Over the last few months, COVID-19 caught the world by surprise and has rapidly changed our daily lives and the way we interact. In many ways, this public health crisis represents a litmus test of our ability to maintain business continuity. It has reshaped the way we carry out business, conduct meetings, facilitate reliable access to company data, as well as the process of hiring someone.
While telecommuting technology has been around for years, the importance of social distancing under the current climate has accelerated the shift towards telecommuting. Many businesses scrambled to make the switch since the Ministry of Manpower instituted work from home measures in late March.
Inevitably, this surge in telecommuting will raise questions about whether the technology that enables us to work from home – video conferencing, remote desktops, etc. – can scale to handle the increased demand for such services, as well as allow businesses to conduct their operations in an efficient manner without compromising on security.
With small and medium-sized enterprises (SMEs) contributing to 47 percent of Singapore’s GDP in 2018, the more pressing issue is: Has there been any change in how SMEs think about cybersecurity and are they well equipped to deal with the challenges of operating in this new reality, where COVID-19 co-exists in the digital age?
As the world’s second most digitally competitive country after the United States, there is an argument to be made that Singapore has made great strides in our digital transformation journey thus far.
Yet, a closer examination of this reveals interesting contradictions, highlighting some critical gaps when it comes to SMEs’ experience with digitalising their business operations.
According to QBE Insurance’s latest survey of Singapore SMEs, over four in ten SMEs cited the high cost of technology investment, and a lack of financing and funds as the top two barriers to digitalising.
Apart from the high costs involved, SMEs’ attitudes toward technology-related risks also amplify the challenges that businesses will have to face in this new era of telecommuting.
For example, Chubb’s SME Cyber Preparedness Report in 2019 highlighted a lack of concern around the impact of data breaches. 59 per cent of SME leaders surveyed felt that large corporations were more at risk of cyber attacks than SMEs, with only 18 percent of them aware about the cyber threats that their business could face.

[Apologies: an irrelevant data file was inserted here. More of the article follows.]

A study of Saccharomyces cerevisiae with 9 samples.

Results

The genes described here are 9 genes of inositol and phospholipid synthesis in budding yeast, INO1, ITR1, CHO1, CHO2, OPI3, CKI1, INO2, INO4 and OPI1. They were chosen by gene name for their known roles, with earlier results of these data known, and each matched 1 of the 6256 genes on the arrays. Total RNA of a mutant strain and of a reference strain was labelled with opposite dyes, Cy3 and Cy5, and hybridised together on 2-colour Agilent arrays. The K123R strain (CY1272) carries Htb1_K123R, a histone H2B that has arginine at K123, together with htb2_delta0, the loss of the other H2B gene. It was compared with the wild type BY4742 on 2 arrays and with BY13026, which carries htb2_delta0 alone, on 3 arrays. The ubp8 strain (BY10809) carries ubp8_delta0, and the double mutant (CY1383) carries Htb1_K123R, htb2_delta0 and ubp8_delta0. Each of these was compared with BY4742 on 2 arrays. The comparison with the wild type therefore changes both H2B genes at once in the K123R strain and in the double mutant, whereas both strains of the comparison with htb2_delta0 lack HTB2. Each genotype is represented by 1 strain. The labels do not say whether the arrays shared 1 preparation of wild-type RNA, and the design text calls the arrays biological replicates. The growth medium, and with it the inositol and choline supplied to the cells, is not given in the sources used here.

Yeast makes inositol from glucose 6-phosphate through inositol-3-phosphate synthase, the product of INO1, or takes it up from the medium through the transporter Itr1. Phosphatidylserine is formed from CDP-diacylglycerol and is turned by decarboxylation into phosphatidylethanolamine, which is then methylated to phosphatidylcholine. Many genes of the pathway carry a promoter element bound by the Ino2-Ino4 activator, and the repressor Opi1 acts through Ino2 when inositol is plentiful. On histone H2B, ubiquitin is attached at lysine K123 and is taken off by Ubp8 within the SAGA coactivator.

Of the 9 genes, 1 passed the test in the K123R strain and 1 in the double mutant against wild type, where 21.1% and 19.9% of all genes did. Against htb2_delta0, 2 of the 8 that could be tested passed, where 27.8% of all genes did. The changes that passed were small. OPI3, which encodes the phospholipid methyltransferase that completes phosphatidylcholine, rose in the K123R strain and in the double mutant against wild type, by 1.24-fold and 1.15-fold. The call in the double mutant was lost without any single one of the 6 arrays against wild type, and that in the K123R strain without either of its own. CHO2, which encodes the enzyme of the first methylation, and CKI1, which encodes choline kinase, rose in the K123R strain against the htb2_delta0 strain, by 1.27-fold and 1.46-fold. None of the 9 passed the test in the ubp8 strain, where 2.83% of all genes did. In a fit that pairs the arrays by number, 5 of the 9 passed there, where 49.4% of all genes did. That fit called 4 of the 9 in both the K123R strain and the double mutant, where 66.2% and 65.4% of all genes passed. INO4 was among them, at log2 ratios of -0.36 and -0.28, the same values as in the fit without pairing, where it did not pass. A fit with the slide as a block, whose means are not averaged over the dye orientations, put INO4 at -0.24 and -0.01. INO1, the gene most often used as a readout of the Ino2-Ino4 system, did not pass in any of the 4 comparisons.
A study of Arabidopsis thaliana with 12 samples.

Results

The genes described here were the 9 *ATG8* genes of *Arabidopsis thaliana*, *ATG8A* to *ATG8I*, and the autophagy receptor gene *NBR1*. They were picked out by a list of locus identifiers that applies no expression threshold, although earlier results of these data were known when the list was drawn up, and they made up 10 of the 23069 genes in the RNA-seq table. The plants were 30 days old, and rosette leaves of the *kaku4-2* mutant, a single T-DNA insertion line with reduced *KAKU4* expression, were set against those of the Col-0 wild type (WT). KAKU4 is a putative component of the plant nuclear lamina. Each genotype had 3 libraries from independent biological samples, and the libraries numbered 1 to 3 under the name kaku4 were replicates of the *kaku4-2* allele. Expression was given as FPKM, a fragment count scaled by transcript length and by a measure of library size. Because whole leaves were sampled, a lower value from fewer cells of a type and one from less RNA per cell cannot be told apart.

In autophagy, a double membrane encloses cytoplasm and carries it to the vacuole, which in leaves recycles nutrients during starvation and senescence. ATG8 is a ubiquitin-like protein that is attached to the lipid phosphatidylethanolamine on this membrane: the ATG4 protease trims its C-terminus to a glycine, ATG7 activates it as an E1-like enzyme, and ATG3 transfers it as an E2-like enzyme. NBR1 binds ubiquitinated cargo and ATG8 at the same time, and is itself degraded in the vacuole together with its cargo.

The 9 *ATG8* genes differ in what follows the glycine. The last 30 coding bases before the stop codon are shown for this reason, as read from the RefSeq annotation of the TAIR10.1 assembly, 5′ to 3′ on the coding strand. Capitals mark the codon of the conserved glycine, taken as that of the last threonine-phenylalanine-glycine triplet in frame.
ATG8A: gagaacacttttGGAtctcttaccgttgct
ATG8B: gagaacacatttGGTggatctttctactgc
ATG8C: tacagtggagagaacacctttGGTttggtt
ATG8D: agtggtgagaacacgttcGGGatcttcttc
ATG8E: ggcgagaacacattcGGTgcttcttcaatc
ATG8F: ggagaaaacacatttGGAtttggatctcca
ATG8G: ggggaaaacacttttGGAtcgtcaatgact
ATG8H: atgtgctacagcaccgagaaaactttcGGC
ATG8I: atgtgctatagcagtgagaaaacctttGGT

With almost 40 percent of cyber attacks in Singapore targeted at SMEs, there are clear gaps in the way SMEs think about cybersecurity.
Given that SMEs continue to struggle to translate their understanding of cybersecurity into the right cybersecurity mindset and architecture, it is not surprising that these attitudes are also prevalent in their work from home arrangements.
According to Kaspersky’s global report, 73 percent of employees working from home did not receive any specific cybersecurity awareness guidance or training from their employer.
Questions were also raised around the implementation of basic cybersecurity practices, with 50 percent of businesses allowing employees to conduct work from personal devices without any form of policies to regulate their usage. In addition, only 53 percent of workers stated that they used a VPN to access their employer’s network when working from home.
At the same time, cybercriminals have been leveraging the public’s fear of rising COVID-19 cases by propagating malware and phishing emails from the United States’ Centers for Disease Control and Prevention (CDC) and the World Health Organisation, with one-in-four employees reporting that they have received phishing emails related to COVID-19.
As we attempt to make sense of the cybersecurity challenges for SMEs, it is a concern that their attitudes towards cybersecurity have not kept pace with the changes wrought by the pandemic. However, these challenges are not insurmountable, and the battle is already half-won as long as one makes a proactive effort to seek out information to improve one’s cybersecurity posture.
It is clear that the costs of investing in cybersecurity technology as well as acquiring the know-how to deal with cyber threats will continue to be perennial concerns for SMEs. While the mainstream narrative continues to focus on SMEs’ inadequacies when it comes to cybersecurity, it is equally important that the cybersecurity industry plays its part in building a safer world where everyone is able to enjoy the endless opportunities brought about by technology.
This could take the form of making basic cybersecurity training more accessible to SMEs. At the same time, it is important that cybersecurity training is not made to feel mundane or procedural for employees, as this would reduce its effectiveness.
The epidemic of cybersecurity threats will remain long after COVID-19 is gone. While resource constraints are expected to pose challenges for SMEs in the near future, an organisation’s cybersecurity defences could be greatly enhanced with appropriate employee training, ensuring that employees are made aware of what is happening in cyberspace.
This article originally appeared in the Entrepreneur's Digest print edition #92 and has been edited for clarity, brevity and for the relevance of this website.